January 31, 2008
Crossing the Gap, Day 1
It was finally time to leave South America. My first step was to take a bus from Medellin, the big mountainous city in the center of the country, to Turbo, a small port on the Caribbean coast. The bus started along the same road I already inadvertently knew from the other day, when I witnessed a group vomiting session due to a case of Colombian Mad Bus Driver Syndrome.
There were several interesting characters on the bus. When I saw my assigned seat, I was disappointed but not surprised to see a walrus of a man in the seat next to mine. I always hoped to be paired with a young, attractive girl on my long bus journeys, but normally got wedged next to a man who spilled over into my seat. We exchanged the familiar glance and head nod of strangers who knew they were in for a long ride, and proceeded down the road with our arms and thighs stuck together in the sweaty heat of the tropics.
On our first stop for breakfast, I started talking to a twenty-three-year-old guy who appeared to have a mixture of black and indigenous backgrounds and was heading to Turbo with his mom. He was completely fascinated by me, and proceeded to ask me question after question without even bothering to listen to the responses. "Where are you from?" "For how long are you in Colombia?" "How is it possible to travel in Colombia?" "How much money does a ticket from the USA cost?" "Do you know Brad Pitt?" "How many kids do you have?" I was holding my own with the difficult task of simultaneously eating and answering his questions in a non-rude manner, but his mom quieted him down by saying, "He sure asks a lot of questions, doesn't he?" His line of questioning wasn't unusual, but the fact that his brain seemed to have been transferred from a little kid to a grown-up's body did.
Across from me was a British man, married to a Colombian woman, living in Spain. They were on the bus to visit some relatives in some little town in the middle of nowhere. He told me all about the current state of the American presidential elections, news which I'd been getting a lot of lately from people from all over the world. The fat man asked if he could have the aisle seat because he was getting off soon, abruptly ending my conversation with the British guy, but I was happy to be on the verge of having some breathing room.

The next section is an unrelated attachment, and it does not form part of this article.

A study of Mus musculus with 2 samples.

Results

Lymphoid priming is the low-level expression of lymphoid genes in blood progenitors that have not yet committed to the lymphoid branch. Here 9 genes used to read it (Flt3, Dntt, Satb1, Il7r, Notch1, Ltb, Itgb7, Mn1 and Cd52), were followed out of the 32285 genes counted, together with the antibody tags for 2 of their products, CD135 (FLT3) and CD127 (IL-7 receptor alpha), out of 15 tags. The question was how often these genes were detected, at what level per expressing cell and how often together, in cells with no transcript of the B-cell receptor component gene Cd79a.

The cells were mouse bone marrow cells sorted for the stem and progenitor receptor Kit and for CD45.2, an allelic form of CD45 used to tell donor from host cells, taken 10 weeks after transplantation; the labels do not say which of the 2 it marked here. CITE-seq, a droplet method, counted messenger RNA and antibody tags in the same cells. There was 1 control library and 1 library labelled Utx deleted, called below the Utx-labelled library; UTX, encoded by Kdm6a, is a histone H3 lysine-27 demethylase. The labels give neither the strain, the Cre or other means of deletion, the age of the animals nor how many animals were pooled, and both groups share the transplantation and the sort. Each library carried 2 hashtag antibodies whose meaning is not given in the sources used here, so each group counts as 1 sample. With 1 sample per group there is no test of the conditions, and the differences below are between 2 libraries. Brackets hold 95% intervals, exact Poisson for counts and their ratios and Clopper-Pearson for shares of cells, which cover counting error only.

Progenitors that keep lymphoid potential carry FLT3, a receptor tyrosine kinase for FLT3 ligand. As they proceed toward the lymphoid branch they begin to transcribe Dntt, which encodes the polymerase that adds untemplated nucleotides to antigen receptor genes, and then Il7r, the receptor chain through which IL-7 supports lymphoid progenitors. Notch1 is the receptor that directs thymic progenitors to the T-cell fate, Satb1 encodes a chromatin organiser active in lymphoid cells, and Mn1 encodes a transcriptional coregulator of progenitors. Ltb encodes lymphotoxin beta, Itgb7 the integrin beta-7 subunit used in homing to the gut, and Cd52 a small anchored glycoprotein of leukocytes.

Two hours later, the fat man left and finally no part of my body was touching another human being's. He was replace by a girl who I took to be about twenty-three and was much skinnier, although her pregnant belly began protruding as soon as she sat down. She had a mature attitude but didn't understand a word I said to her for some reason, and I quickly became frustrated and stopped trying to make small talk. Later she revealed that she was only thirteen and had been working in Medellin. She was taking the bus home early to surprise her mom. Her situation saddened me, but I couldn't help but think what a surprise that visit was going to be.
After starting in the mountains, the bus quickly dropped back down to sea level and we entered a thick jungle that was only interrupted by the occasional town and many banana plantations. I got through the monotony and heat of the trip by sleeping, something I had perfected in two years of bus travel. Most of the road wasn't paved, however, and I frequently was awakened when my head slammed into the window next to me due to a ubiquitous pothole. Just five years ago it would have been unthinkable to take this route due to the region's paramilitary activity, but nowadays there is enough military presence along the road to make it safe, at least during the day.
I arrived in Turbo in time for sunset after ten solid hours on the bus. It was a small city and very poor, but not dangerous. In fact, everyone I talked to had the laid-back friendliness that characterized all of my Caribbean travel so far. The next step for me in leaving Colombia was to get a boat to the Panamanian border, and I found out that one was leaving early tomorrow morning. Today was a long one, and in spite of the bumpy road, everything had gone smoothly so far.